Check Point’s 2014 Security Report Shows Data Losses and Malware Rise in Financial Organisations

London - 8 May 2014

Check Point has issued its 2014 Security Report, its second annual report uncovering the major security events that occurred and impacted organisations across the world in 2013.  Of 150 major financial organisations worldwide, 88% had a data loss incident in 2013, up from 61% in 2012.  But despite the numerous high-profile credit card breaches that took place in 2013, Check Point’s research found that PCI data loss events in financial organisations slightly reduced to 33%, compared with 36% in 2012.

Across all organisations surveyed, key findings include:

Malware activity increased in speed and quantity

Malicious software was downloaded every ten minutes in 84% of the organisations under analysis.  Last year, 58% of organisations experienced users downloading malware every two hours or less, compared with just 14% in 2012.

‘Unknown’ malware grows

Smarter and more resilient malware emerged in 2013.  33% of organisations downloaded at least one infected file with unknown malware between June and December 2013.  Of those infected file types, 35% were PDFs.  New tools called ‘crypters’ enabled malware writers to bypass detection by anti-malware software, so that organisations were hit by 2 pieces of unknown malware every hour – one every 27 minutes.

Bot infestations

Bot infections continued to grow, with a host infected by a bot every 24 hours.  In 2013, at least one bot was detected in 73% of organisations, an increase from 63% in 2012. Organisations also struggled with containing bots, as 77% of bots are active for more than four weeks.  Bots communicated with their ‘Command & Control’ every three minutes.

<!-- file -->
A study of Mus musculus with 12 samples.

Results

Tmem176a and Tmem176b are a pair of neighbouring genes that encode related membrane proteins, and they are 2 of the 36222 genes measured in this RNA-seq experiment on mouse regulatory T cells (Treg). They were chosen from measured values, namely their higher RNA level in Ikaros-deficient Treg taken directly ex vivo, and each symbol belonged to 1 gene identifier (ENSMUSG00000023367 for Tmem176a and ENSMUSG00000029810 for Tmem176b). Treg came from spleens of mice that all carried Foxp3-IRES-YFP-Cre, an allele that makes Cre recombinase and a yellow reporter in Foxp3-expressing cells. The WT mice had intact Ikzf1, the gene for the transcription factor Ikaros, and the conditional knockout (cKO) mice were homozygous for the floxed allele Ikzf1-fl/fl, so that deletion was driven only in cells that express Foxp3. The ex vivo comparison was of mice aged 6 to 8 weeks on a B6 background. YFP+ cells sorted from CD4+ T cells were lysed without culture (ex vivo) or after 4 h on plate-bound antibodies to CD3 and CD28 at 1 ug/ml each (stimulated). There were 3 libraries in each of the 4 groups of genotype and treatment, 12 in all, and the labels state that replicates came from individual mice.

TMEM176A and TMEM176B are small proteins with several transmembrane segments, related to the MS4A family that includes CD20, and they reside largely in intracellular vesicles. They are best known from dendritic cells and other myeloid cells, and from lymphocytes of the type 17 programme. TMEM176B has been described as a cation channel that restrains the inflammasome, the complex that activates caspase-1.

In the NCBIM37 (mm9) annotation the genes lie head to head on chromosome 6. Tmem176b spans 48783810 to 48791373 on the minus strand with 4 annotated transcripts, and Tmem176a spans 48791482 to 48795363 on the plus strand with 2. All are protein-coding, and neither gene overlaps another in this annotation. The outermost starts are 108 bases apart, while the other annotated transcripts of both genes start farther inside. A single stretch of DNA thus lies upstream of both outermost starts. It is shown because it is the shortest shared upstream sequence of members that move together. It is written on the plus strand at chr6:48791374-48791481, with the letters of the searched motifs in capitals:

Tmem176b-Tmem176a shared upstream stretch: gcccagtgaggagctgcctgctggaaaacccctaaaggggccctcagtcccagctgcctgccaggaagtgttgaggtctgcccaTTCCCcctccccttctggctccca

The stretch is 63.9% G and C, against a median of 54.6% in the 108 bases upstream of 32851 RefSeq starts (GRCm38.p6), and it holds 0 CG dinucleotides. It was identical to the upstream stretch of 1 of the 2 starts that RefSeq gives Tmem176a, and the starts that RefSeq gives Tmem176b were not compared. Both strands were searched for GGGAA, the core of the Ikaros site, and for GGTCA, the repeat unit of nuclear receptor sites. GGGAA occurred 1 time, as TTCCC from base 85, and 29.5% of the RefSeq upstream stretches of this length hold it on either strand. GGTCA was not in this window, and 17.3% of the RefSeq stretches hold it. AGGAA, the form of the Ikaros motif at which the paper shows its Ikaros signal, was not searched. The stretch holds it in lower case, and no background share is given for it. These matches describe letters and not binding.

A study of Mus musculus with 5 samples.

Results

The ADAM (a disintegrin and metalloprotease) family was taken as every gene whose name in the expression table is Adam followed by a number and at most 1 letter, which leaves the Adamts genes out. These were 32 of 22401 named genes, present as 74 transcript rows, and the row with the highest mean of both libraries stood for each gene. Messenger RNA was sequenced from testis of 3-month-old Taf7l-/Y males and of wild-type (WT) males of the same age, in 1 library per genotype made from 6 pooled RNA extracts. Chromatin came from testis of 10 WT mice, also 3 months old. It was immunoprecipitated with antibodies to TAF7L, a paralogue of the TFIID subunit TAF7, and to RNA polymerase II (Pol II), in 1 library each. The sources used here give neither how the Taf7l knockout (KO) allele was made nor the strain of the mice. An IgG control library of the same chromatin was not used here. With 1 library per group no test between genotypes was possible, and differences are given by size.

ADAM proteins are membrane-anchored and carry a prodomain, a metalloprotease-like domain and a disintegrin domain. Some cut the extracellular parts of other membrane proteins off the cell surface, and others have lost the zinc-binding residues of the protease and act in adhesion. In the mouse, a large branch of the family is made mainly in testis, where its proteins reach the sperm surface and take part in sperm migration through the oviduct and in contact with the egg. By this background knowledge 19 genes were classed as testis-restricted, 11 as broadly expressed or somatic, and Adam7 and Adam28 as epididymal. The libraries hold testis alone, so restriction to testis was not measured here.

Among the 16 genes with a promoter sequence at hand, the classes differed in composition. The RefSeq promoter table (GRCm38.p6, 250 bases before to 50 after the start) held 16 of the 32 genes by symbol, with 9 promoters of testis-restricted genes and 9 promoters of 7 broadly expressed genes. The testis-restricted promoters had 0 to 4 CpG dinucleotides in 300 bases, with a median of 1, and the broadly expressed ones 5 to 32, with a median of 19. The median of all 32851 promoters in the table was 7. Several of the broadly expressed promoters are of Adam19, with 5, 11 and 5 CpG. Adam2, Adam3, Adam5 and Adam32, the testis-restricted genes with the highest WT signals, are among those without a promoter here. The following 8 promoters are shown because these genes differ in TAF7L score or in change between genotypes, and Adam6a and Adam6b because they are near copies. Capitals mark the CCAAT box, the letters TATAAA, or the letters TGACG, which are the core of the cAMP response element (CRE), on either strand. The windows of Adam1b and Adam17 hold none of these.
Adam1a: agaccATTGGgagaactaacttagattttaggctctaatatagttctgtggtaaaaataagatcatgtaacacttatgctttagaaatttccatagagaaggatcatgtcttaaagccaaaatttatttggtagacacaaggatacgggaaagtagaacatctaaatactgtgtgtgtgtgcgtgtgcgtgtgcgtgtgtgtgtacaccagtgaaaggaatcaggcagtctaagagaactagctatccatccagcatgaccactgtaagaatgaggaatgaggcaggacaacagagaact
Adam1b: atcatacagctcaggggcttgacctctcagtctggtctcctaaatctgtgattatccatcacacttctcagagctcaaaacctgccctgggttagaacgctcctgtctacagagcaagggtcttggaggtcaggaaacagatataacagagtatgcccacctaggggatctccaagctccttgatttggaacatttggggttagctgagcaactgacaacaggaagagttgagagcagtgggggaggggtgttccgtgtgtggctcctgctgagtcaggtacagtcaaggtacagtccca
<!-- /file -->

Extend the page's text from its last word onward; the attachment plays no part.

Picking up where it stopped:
Data losses mount

Check Point found that 88% of organisations had experienced at least one potential data loss event, up from 54% in 2012. In fact, in 33% of the financial institutions surveyed by Check Point, credit card information was sent outside of the organisation while 25% of healthcare and insurance institutions sent HIPAA-protected information.

Risky applications result in risky business

Use of high risk applications continued to be on the rise in 2013, with torrents, anonymisers, peer-to-peer (P2P) file sharing applications being used every nine minutes on an average day.  P2P file sharing usage increased to 75% in 2013 from 61% of firms in 2012.  Also, 56% of firms ran anonymizer proxy applications in 2013, up from 43% in 2012.

“Our 2014 Security Report peeled back more layers to reveal the infiltration and sophistication of malware in 2013.  We found organisations at more risk with both the new threats of today, as well as the old threats identified in last year’s Security Report,” said Amnon Bar-Lev, president of Check Point Software Technologies.  “It is clear that organisations need more understanding of, and protections for the threats that endanger their networks, with security based on real-time threat intelligence.”

The Check Point 2014 Security Report is based on collaborative research from Check Point Security Checkup assessments, Check Point Threat Emulation sensors, Check Point ThreatCloud and Endpoint Security reports, and includes in-depth analysis of 200,000+ hours of monitored network traffic from 996 organisations worldwide and over 9,000 security gateways deployed across various industries.